The clergy sex abuse scandal was exposed in the Archdiocese of Boston in January, 2002. In June of that year, the American bishops wrote, “Promise to Protect, Pledge to Heal,” at their annual meeting in Dallas, Texas. This document is commonly referred to as the Bishops’ Charter and consists of 17 Articles and 13 Norms that promote healing and reconciliation with survivors, provide an effective response to allegations, ensure accountability of procedures, and articulate protocols for protecting the faithful in the future.
This month marks the 15th year of the implementation of the Charter for the Protection of Children and Youth, which was revised in 2011.
Two of the most effective preventative strategies in the charter are found in Articles 12 and 13. Article 12 mandates safe environment training for all adults who will be working with children and youth. It also mandates training for children and youth on ways they can keep themselves safe.
Article 13 mandates evaluation of the backgrounds of all adults who will be working with children and youth using a third-party criminal background investigation company.
Nationally, “in 2016, over 2.4 million background checks were conducted on our clerics, employees, and volunteers. Over 2.3 million adults and 4.2 million children have also been trained on how to identify the warning signs of abuse and how to report those signs. The National Committee for the Protection of Children and Young People continues to emphasize that auditing the safe environment efforts of dioceses and maintaining zero-tolerance policies are two important tools in the Church’s broader program of creating a culture of protection and healing that exceeds the requirements of the Charter.” (United States Conference of Catholic Bishops)
Using the charter as its foundational document, therefore, the Diocese of Colorado Springs has developed other protocols which strengthen the protective mandates in the charter. For example, the diocese strongly recommends that there be two unrelated adults supervising children and youth in catechetical classes and all other activities. This protects the children from being abused and it protects the adults from being falsely accused.
Additionally, since educational theory emphasizes repetition as an essential part of learning, the Office of Child and Youth Protection provides annual Update Training for all adults who have already received the foundational training as a way of reminding everyone of key protocols and expanding on basic principles and strategies learned in the past.
The charter also requires each diocese to have a Review Board, “which will function as a confidential consultative body to the bishop in discharging his responsibilities.” (Norm 4) The majority of the Review Board members must be lay people not in the employ of the diocese. Among its lay members, our Review Board includes a detective, a psychologist, a businessman, a college professor, and a licensed social worker. They meet regularly to review the diocesan protocols and advise Bishop Sheridan in the event an allegation is reported.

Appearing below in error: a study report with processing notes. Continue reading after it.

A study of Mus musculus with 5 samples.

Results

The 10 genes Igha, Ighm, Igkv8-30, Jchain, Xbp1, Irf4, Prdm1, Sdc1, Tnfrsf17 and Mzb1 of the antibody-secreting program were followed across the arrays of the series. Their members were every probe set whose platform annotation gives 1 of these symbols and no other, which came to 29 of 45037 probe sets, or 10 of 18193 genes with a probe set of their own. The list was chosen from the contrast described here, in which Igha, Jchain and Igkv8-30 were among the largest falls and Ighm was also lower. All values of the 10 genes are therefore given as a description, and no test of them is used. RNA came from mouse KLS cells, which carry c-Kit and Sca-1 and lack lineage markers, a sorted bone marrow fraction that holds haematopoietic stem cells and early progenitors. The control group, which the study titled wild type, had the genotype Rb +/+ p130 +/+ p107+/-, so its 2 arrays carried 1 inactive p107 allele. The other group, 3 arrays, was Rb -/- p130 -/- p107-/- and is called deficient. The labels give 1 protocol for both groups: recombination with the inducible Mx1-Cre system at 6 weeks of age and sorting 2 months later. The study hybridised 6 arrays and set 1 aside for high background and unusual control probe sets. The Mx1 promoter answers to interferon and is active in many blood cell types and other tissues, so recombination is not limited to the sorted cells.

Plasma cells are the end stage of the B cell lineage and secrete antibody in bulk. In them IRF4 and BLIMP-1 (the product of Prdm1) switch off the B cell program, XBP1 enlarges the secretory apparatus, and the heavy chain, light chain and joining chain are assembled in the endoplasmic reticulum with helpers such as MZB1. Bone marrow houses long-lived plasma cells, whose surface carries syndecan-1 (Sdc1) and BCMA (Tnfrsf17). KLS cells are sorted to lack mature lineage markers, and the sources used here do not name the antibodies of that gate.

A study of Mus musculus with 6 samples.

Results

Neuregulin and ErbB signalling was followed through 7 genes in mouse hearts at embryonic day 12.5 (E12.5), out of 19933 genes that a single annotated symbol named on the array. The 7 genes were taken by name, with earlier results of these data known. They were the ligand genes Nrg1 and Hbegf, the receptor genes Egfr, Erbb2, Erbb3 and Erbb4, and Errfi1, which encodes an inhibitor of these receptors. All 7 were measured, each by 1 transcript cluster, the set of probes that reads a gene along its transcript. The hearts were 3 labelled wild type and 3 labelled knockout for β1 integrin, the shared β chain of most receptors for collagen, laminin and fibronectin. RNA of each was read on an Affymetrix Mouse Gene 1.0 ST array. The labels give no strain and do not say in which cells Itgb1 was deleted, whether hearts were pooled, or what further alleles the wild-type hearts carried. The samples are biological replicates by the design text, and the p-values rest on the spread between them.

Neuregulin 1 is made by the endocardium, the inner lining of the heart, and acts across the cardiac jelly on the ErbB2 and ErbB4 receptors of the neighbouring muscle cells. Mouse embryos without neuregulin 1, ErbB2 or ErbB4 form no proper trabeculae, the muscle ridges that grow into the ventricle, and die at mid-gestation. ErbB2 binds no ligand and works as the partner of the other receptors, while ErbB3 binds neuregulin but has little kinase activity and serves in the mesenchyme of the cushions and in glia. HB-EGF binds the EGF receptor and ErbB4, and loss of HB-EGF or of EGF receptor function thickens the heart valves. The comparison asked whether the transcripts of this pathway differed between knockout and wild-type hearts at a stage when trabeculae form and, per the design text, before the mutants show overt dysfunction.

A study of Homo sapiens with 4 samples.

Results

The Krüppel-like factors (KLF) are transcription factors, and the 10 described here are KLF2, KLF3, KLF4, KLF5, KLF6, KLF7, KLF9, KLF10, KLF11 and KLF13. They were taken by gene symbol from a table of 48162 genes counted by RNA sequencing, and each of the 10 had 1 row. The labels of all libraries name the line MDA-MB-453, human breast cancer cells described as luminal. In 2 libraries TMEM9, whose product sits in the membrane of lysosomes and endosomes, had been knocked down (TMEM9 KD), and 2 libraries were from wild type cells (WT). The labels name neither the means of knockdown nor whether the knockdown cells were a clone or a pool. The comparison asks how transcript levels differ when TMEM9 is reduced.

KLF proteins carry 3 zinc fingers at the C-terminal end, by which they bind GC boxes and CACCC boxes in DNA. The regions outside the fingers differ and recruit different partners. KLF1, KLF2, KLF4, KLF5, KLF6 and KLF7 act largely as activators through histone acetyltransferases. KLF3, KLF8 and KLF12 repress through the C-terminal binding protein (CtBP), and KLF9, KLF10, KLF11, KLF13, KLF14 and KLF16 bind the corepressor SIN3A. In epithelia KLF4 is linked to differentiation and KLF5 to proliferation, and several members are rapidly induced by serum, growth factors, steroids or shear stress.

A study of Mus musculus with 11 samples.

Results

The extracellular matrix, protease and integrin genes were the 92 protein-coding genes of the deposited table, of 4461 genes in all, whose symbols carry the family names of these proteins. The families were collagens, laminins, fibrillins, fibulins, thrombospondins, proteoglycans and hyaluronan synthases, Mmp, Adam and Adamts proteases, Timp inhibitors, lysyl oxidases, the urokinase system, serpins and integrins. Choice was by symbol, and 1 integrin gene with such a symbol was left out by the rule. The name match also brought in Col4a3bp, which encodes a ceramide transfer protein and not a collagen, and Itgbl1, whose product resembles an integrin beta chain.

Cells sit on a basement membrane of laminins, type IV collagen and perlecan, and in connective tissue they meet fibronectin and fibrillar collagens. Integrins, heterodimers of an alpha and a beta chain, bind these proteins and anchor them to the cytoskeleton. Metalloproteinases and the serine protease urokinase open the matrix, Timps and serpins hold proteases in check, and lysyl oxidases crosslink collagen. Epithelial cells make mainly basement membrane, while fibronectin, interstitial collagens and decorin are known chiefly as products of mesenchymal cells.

Some of the most important people in our effort to keep our children safe are the Parish Safe Environment Coordinators who ensure that the mandates in the national Charter and the protocols from our Diocese are implemented effectively in the local parish (and school, where applicable). These coordinators track the employees and volunteers who work with our children and youth, and ensure that they have been properly screened and trained, and are being supervised in their work. We estimate that over 10,000 adults have been screened and trained in our Diocese since the implementation of the charter began, due to the dedicated work of our coordinators.
We ask for your prayers for the safe environment efforts throughout the diocese that have the purpose of keeping all children and youth safe from those who would do them harm, as we close with this prayer from the United States Conference of Catholic Bishops:
Prayer for Healing and Reconciliation
Almighty and most loving God,
through your Son your compassion brought healing to many.
We ask for your healing once more for all who have been profoundly wounded by abuse,
especially those who have been hurt by your ministers.
In your mercy, we also ask for forgiveness.
Words cannot express fully
the sorrow we have for the great harm done by those who were called to be trusted.
In your goodness, we ask for the grace to be a source of healing to all who have been abused, and to be ever vigilant in protecting all your people.
Grant, we pray, our prayers for healing and forgiveness,
for we ask them through your Son, Christ our Lord. Amen
Note: Excerpts from 2016 Annual Report – Findings and Recommendations on the Implementation of the Charter for the Protection of Children and Young People. Copyright © 2017, United States Conference of Catholic Bishops (USCCB).
(Ed Gaffney is co-director of the Office of Child and Youth Protection for the Diocese of Colorado Springs.)